Thursday, 8 August 2013

Captain Blighs - Tasmanian Brut Cider

Ahoy, me hearties it’s time to put on our wooden legs, eye patches and raise the Jolly Roger! Another cider from the apple isle of Tasmania is in full view from the crows net. All hands ahoy buccaneers, as we prepare ourselves to review the mighty Captain Bligh’s cider. This cider aint no landlubber either. Now off with ye and go clean the poop deck!!
Captain Bligh cider, as mentioned in my overly imaginative intro, is produced in the apple isle of Tasmania by Matt, Nick and Mitch Osborne – A father/sons team. The cider is produced yearly in small batches at the old George Adams brewery in the heart of Hobart. The main apple varieties used in the blend consist of Sturmer Pippin, Cox’s Orange Pippin and Jonathon. The Sturmer and Cox’s are fast becoming synonymous with Tasmanian cider, with producers like Small Players, Two Meter Tall and Spreyton all successfully using them in their blends. I know I’ve been a little critical of Sturmer Pippin in the past, but I am starting to see its positive side – just.  The differing varieties are all fermented separately and aged for six months before bottling. This helps increase the depth of flavour in the cider and mellows out the palate. Captain Bligh’s is fundamentally made to the style of a dry, cloudy and bottle conditioned cider, with delicate tannins and natural flavours. So lets now review!  

The colour shone a lovely pale straw, underneath a distinct cloudy complexion. The cider was not disgorged, therefore just a tiny mass of dead yeast were evident in the bottle. The natural carbonation offered up a lovely large mousse on pouring, with vibrant and attractive bubbles.
Lovely and lean fresh red apple skin along with old woody notes leaped out of the glass with impressive vibrancy. Other primary notes of freshly cut grass, sour sobs and confectionary banana were also apparent. Secondary fermentation derived characters of yeastiness, beeriness and aldehyde complimented,and rounded out the primary notes well. These characters all beautifully combined to produce a tight and lean offering of great balance and poise. Very fresh and expressive.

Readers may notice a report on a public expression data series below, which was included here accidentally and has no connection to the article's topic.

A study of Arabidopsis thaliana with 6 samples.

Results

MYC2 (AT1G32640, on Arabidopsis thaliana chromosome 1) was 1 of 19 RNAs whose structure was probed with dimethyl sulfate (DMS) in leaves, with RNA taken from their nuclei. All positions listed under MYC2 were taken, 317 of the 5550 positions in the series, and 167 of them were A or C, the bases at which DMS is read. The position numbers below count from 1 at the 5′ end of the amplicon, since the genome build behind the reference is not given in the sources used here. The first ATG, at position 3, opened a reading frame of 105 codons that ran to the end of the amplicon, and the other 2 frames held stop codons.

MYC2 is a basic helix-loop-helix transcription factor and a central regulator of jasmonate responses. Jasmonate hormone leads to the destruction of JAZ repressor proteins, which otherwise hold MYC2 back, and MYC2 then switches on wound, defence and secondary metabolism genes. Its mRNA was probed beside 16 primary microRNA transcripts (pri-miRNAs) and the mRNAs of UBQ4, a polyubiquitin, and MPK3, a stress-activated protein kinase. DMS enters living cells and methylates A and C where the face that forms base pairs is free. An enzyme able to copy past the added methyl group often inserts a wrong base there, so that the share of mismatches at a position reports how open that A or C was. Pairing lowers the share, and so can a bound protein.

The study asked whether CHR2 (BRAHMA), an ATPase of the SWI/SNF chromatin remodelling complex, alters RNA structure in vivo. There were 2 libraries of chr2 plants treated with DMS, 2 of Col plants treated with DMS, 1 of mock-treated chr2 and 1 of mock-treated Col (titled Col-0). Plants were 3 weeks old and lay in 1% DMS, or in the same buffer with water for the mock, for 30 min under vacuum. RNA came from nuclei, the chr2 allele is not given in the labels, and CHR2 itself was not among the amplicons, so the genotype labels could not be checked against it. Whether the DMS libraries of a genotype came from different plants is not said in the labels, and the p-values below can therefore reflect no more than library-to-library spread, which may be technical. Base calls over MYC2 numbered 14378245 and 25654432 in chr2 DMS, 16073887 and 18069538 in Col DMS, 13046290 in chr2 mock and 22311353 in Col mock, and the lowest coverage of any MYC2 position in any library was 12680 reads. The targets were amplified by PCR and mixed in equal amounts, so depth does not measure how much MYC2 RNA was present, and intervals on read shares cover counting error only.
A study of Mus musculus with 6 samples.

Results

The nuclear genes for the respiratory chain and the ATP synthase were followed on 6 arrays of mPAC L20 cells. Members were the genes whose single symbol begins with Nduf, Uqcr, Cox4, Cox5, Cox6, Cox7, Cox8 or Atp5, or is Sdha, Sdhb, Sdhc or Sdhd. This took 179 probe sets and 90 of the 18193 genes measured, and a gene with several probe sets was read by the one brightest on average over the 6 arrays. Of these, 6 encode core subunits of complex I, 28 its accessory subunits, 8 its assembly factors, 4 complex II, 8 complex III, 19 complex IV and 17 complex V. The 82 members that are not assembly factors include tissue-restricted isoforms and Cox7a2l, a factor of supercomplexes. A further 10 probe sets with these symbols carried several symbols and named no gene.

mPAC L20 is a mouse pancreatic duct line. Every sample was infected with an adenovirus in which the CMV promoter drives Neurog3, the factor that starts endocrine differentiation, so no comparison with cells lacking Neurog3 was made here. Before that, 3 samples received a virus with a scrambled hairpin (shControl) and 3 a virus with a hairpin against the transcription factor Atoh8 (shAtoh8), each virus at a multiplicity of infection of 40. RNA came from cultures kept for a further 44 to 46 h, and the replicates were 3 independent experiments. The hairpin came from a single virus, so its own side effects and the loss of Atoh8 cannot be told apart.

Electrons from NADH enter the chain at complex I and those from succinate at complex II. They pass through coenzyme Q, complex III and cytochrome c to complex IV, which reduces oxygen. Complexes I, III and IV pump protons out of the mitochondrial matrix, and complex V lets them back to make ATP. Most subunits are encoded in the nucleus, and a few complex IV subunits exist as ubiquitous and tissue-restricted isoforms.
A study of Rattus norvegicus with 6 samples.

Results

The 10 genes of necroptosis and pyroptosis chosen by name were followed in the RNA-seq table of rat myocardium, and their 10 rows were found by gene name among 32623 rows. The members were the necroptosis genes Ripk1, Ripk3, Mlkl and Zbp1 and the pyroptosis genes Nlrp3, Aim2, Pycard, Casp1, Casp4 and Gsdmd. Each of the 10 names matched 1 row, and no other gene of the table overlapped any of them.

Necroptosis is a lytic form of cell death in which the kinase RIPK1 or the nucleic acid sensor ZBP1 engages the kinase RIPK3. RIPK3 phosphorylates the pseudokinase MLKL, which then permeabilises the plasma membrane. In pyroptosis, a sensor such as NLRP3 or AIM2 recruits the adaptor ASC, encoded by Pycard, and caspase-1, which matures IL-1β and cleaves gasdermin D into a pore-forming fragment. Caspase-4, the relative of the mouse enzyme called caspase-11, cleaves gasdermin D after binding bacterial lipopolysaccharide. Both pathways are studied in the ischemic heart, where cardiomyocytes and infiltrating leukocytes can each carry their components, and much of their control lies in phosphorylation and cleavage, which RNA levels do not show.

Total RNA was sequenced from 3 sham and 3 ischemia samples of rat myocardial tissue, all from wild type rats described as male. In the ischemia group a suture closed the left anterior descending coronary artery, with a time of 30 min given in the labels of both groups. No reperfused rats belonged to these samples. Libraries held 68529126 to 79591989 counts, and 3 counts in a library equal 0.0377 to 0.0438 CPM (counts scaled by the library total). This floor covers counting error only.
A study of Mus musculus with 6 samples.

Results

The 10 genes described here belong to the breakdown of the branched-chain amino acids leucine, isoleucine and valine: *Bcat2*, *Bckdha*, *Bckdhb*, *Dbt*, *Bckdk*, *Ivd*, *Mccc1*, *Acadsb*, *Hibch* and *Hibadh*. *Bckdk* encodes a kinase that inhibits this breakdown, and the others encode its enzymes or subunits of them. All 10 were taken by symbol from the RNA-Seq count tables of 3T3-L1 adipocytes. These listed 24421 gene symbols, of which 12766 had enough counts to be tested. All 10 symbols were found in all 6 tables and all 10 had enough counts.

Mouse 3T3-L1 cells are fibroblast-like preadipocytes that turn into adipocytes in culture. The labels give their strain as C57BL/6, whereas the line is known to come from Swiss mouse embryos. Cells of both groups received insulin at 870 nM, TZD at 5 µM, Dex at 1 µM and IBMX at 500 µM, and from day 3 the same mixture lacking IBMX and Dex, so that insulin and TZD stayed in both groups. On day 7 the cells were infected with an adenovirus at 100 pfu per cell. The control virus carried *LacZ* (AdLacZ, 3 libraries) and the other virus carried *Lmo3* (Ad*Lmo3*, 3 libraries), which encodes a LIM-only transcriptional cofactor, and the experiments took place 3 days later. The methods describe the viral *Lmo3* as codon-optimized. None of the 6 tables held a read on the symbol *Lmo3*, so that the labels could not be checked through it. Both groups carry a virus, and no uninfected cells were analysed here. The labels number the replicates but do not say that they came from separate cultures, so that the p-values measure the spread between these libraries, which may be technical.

The palate was super dry, and to be completely honest, I found that to be so refreshing. Refreshing as a beverage, but also as a stylistic trait. In a sea of sugared up lolly water, it was so invigorating to go back to a nice dry cider. Subtle phenolics coated the mouth well, along with a touch of bitterness and focused acidity. I found all these critical parameters to be in perfect balance. Fresh apple flavours offered up attractive length, and a creamy/biscuity sensation added pleasing complexity. The draw back to this style of cider is the palate weight, more often than not, is always a touch thinner and perhaps not as intense. But the linear and focused back bone, definitely made up for this. The palate was impressively clean, crisp and super refreshing. Just watch that alcohol of 6.9 per cent, or you’ll be three sheets to the wind in no time!  
Yo Ho Ho and a bottle of rum! (or cider). This little cider was a real treat. I really enjoy going back to this style of cider, as they always offer such purity and character. You also know the cider hasn’t gone through any major industrial processes either – winning! The Captain Bligh’s really reminded me of the Napoleone and St Ronan's Methode Traditionelle ciders from the Yarra Valley in Victoria. But if you real want to splice the mainbrace, then give this cider a go! Beautifully Tasmanian…..again!

Producer: Captain Blighs
Country: Australia (Hobart, Tasmania)
Alcohol: 6.9%

Rating: 14.5 out of 20


1 comment:

  1. Good post. I am sharing your review on my food blog as we tour Hobart. You can find the story at Keep up the great writing. Love cider.